Greyhounds and Coursing with Sir Mark Prescott
Sir Mark Prescott, dean of British coursing and race horse trainer

“I saw nice people and nice dogs and marvelous hares, and I thought, ‘What a grand spectacle.’”

Sir Mark Prescott, on seeing his first coursing meeting in 1967

Show Notes

In the 1960s, Sir Mark Prescott found himself on the road back to Newmarket, home of British thoroughbred horse racing, from Cambridge. Along the way, he came across a large number of cars parked along the road. He discovered it was a coursing meeting. He was given a free “card” (program) by the gatekeeper and invited in to see his first coursing meeting.

A few months later, Sir Mark saw a television special about English hare coursing that presented the sport in a very negative light, in contrast to his own experiences. It inspired him to become further involved in coursing.

In 1970, Sir Mark assumed leadership of a struggling coursing club in Newmarket and cemented his presence in a sport which drew thousands of spectators and blurred English class lines. He quickly discovered that organizing a coursing event involved tremendous attention to detail and perseverance — traits which he embodied and admired.

Sir Mark would later become one of the primary organizers of the Waterloo Cup, England’s longest running and most popular coursing meeting. He held this post until 2005 when the final Waterloo Cup was run and coursing was banned by Parliament. For nearly 40 years, Sir Mark served as an advocate for the sport and Greyhounds.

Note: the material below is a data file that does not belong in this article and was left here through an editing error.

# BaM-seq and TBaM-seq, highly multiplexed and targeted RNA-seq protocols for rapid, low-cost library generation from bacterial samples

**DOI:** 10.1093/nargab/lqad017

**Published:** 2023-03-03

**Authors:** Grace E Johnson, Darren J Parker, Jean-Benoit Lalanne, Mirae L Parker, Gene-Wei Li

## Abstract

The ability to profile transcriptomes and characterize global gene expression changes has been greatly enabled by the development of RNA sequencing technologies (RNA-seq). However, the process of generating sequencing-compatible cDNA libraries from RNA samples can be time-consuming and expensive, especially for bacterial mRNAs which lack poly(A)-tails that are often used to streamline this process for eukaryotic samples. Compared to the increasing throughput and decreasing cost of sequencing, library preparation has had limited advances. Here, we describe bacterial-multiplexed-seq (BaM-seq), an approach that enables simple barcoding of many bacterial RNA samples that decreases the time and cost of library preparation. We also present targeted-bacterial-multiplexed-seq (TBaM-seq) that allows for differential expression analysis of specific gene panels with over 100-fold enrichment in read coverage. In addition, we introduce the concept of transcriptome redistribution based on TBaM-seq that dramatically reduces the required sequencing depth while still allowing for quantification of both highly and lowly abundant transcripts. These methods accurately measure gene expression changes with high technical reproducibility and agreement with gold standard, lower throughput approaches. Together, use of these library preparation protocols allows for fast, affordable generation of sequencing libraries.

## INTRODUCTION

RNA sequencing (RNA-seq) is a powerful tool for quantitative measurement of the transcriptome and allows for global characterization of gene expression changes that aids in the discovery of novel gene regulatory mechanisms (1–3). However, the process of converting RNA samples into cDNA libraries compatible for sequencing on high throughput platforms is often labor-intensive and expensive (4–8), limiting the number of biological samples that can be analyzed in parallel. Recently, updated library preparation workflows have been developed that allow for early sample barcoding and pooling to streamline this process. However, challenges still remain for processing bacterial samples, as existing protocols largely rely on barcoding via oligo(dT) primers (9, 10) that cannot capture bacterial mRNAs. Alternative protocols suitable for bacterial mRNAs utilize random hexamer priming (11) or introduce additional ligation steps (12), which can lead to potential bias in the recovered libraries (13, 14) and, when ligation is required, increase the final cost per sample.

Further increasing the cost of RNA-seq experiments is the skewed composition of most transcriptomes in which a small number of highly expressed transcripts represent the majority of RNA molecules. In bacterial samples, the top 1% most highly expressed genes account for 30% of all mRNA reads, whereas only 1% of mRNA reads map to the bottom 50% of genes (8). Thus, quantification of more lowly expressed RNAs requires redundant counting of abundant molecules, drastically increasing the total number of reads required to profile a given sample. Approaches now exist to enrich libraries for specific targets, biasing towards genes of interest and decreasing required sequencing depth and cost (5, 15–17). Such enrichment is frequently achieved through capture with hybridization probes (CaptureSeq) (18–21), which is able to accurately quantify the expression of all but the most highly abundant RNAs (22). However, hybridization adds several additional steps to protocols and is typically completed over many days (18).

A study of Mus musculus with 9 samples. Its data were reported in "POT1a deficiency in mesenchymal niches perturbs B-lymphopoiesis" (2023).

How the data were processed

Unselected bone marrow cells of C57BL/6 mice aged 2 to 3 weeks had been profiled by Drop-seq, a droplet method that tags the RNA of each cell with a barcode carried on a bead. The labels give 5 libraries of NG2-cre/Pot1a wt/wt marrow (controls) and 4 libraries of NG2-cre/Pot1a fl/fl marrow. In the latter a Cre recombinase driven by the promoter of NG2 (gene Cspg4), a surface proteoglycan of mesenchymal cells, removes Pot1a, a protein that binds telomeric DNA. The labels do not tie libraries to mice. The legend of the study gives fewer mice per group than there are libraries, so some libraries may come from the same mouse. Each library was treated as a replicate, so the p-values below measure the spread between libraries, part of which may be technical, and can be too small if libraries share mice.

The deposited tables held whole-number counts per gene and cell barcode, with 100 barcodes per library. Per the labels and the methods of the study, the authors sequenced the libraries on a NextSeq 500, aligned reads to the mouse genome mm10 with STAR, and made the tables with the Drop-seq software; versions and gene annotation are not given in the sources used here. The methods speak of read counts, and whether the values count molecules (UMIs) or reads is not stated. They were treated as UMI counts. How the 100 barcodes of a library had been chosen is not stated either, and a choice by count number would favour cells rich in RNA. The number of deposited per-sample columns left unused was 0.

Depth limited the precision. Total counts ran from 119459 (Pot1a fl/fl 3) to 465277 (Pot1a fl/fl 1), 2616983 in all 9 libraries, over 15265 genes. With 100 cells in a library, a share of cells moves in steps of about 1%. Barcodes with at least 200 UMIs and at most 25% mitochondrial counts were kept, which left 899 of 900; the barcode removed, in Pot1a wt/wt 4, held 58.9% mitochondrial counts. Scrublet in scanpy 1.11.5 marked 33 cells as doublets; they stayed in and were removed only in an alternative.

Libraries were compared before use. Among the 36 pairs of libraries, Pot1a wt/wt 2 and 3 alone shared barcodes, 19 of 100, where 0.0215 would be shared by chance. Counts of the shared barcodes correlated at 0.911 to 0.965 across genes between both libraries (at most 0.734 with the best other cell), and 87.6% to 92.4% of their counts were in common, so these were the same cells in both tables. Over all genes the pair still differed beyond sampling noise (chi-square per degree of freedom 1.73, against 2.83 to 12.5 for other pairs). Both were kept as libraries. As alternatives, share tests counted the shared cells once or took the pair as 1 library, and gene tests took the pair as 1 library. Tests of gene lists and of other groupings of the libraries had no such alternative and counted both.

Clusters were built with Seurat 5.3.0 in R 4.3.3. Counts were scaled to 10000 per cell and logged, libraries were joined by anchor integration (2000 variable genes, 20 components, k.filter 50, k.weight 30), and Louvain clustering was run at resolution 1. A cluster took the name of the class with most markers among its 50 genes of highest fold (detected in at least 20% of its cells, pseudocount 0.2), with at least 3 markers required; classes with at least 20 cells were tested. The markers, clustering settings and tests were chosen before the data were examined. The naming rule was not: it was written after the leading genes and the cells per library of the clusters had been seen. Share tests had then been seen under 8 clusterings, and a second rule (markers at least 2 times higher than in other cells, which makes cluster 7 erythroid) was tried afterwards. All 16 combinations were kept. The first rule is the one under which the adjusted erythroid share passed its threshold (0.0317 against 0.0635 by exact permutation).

In this episode, host John Parker and Sir Mark share their experiences at the Waterloo Cup, including that famous last meeting. They also discuss the future of Irish coursing, preserving English coursing and Greyhound history, and Sir Mark’s favorite Greyhounds over the years.

Glossary

American listeners may find the following British open coursing terms helpful:

  • An anti is a person who advocates the banning of coursing or racing.
  • Beaters are people who walk through a field inhabited by hares and herd the hares toward the coursing ground. They guide single hares to the coursing field to be pursued by Greyhounds.
  • The beat is a line of beaters spread out across a field.
  • Keepers or gamekeepers help protect and conserve hares and other game living wild on estates and farms.
  • Nominators have the right to “nominate” a Greyhound to run in the Waterloo Cup or other large coursing meeting. They are prominent individuals in the coursing community. They may nominate their own Greyhound or one owned by another individual.
  • A slipper releases two Greyhounds simultaneously onto the coursing field using a special double leather collar-and-leash device.